Naturevolume 556pages223226 (2018) | Download Citation


From dice to modern electronic circuits, there have been many attempts to build better devices to generate random numbers. Randomness is fundamental to security and cryptographic systems and to safeguarding privacy. A key challenge with random-number generators is that it is hard to ensure that their outputs are unpredictable1,2,3. For a random-number generator based on a physical process, such as a noisy classical system or an elementary quantum measurement, a detailed model that describes the underlying physics is necessary to assert unpredictability. Imperfections in the model compromise the integrity of the device. However, it is possible to exploit the phenomenon of quantum non-locality with a loophole-free Bell test to build a random-number generator that can produce output that is unpredictable to any adversary that is limited only by general physical principles, such as special relativity1,2,3,4,5,6,7,8,9,10,11. With recent technological developments, it is now possible to carry out such a loophole-free Bell test12,13,14,22. Here we present certified randomness obtained from a photonic Bell experiment and extract 1,024 random bits that are uniformly distributed to within 10−12. These random bits could not have been predicted according to any physical theory that prohibits faster-than-light (superluminal) signalling and that allows independent measurement choices. To certify and quantify the randomness, we describe a protocol that is optimized for devices that are characterized by a low per-trial violation of Bell inequalities. Future random-number generators based on loophole-free Bell tests may have a role in increasing the security and trust of our cryptographic systems and infrastructure.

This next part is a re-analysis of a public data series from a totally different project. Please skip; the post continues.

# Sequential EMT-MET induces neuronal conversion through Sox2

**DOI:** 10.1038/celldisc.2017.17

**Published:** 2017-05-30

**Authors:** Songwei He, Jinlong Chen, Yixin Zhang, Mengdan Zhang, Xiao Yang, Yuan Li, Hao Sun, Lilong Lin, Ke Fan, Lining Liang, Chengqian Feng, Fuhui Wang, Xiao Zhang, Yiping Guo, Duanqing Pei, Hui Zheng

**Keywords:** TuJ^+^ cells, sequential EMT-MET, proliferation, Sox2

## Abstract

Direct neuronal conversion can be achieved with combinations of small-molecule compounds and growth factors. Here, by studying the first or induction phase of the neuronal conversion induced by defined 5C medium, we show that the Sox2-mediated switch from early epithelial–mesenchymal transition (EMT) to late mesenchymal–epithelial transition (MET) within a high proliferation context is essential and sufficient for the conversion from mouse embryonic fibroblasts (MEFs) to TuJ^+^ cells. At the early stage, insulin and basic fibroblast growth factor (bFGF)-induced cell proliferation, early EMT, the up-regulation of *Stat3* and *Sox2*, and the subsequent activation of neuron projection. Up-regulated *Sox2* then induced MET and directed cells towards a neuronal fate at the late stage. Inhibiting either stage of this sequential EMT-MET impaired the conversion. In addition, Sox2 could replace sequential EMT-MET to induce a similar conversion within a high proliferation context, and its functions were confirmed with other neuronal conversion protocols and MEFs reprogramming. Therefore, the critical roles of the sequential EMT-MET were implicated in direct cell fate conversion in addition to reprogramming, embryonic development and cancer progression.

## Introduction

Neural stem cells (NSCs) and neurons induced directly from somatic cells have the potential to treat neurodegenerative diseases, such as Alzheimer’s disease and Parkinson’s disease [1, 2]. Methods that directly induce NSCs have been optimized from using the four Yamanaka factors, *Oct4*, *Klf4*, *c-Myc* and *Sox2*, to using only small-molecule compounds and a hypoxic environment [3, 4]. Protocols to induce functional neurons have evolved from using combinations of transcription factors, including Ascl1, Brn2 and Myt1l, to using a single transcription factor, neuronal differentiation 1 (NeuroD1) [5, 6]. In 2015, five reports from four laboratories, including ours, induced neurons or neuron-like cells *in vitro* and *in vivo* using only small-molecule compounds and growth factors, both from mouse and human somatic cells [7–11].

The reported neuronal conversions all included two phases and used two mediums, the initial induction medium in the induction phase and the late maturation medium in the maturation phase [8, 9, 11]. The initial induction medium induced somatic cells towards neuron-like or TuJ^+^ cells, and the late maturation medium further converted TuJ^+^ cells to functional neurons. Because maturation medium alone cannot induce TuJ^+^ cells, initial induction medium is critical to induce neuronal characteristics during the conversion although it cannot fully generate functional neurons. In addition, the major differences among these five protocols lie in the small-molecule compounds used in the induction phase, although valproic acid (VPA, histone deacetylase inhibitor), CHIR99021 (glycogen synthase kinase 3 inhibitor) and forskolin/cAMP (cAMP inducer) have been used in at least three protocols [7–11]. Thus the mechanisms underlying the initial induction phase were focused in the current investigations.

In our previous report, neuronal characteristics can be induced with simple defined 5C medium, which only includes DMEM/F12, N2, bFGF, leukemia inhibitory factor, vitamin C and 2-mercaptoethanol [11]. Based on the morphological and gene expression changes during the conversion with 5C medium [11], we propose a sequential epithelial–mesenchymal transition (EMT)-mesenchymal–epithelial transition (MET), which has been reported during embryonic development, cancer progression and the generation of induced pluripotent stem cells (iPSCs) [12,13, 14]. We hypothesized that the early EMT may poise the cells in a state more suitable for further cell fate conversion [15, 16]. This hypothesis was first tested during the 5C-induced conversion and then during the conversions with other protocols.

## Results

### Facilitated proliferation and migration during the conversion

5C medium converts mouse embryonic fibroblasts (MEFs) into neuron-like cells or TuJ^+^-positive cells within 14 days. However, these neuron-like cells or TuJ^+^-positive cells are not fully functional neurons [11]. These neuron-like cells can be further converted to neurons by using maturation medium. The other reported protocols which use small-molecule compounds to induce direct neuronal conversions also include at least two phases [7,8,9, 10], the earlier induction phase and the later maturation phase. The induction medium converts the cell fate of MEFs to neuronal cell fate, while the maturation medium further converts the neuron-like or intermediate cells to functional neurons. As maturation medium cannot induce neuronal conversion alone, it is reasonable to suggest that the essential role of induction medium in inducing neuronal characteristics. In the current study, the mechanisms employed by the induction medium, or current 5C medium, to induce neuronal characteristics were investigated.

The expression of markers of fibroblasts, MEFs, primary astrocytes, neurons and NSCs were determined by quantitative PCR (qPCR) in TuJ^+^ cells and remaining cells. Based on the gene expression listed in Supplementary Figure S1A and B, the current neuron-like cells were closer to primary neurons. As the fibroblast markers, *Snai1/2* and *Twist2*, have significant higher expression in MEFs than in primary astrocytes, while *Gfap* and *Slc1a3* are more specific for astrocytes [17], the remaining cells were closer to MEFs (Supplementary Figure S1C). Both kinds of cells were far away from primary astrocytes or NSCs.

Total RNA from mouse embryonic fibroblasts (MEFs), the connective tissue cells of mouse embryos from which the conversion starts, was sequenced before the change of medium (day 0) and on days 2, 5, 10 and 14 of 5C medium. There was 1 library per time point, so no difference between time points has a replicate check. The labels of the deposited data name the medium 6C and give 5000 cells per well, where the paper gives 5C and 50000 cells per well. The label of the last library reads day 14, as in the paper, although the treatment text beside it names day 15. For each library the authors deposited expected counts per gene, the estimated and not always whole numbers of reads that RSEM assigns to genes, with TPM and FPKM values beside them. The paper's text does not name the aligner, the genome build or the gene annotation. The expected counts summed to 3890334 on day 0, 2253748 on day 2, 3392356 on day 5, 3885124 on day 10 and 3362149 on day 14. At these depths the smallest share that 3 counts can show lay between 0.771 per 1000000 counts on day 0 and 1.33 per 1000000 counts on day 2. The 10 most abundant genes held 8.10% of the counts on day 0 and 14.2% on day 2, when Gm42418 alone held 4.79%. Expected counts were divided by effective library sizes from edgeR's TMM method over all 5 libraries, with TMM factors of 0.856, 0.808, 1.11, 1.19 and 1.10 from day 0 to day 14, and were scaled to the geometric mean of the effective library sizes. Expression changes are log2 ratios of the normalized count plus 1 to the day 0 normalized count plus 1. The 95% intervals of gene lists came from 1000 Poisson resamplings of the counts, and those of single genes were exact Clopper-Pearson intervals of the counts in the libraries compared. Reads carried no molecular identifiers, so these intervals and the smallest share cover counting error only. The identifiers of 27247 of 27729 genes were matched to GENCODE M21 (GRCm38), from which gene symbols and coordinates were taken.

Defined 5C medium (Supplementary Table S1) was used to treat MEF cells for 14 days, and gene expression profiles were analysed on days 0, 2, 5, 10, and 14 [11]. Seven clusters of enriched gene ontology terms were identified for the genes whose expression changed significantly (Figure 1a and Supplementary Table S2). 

Reviewer information

Nature thanks S. Pironio and the other anonymous reviewer(s) for their contribution to the peer review of this work.

Author information

Author notes

    • Yanbao Zhang

    Present address: NTT Basic Research Laboratories and NTT Research Center for Theoretical Quantum Physics, NTT Corporation, Atsugi, Japan


  1. National Institute of Standards and Technology, Boulder, CO, USA

    • Peter Bierhorst
    • , Emanuel Knill
    • , Scott Glancy
    • , Yanbao Zhang
    • , Sae Woo Nam
    • , Martin J. Stevens
    •  & Lynden K. Shalm
  2. Department of Physics, University of Colorado, Boulder, CO, USA

    • Peter Bierhorst
    •  & Lynden K. Shalm
  3. Center for Theory of Quantum Matter, University of Colorado, Boulder, CO, USA

    • Emanuel Knill
  4. National Institute of Standards and Technology, Gaithersburg, MD, USA

    • Alan Mink
    • , Stephen Jordan
    •  & Yi-Kai Liu
  5. Theiss Research, La Jolla, CA, USA

    • Alan Mink
  6. Muhlenberg College, Allentown, PA, USA

    • Andrea Rommal
  7. Department of Physics, University of Wisconsin, Madison, WI, USA

    • Bradley Christensen



Competing interests

The authors declare no competing interests.

Corresponding author

Correspondence to Peter Bierhorst.

Supplementary information

  1. Supplementary Information

    This file contains a Supplementary Discussion, Supplementary Tables 1-6, Supplementary Equations and Supplementary References. It includes the proofs of the Entropy Production Theorem and the Protocol Soundness Theorem. It also describes how we choose the Bell function T, the implementation of the randomness extraction algorithm, details of how we analyzed the data, and comparisons to other implementations. It includes six tables S1-S6: S1 “Protocol for randomness generation,” S2 “Result counts,” S3 “Maximum likelihood non-signaling distribution,” S4 “Bell function T” (with legend), S5 “Summary of application of protocol to data sets” (with legend), and S6 “2-tail p-values for consistency checks.”.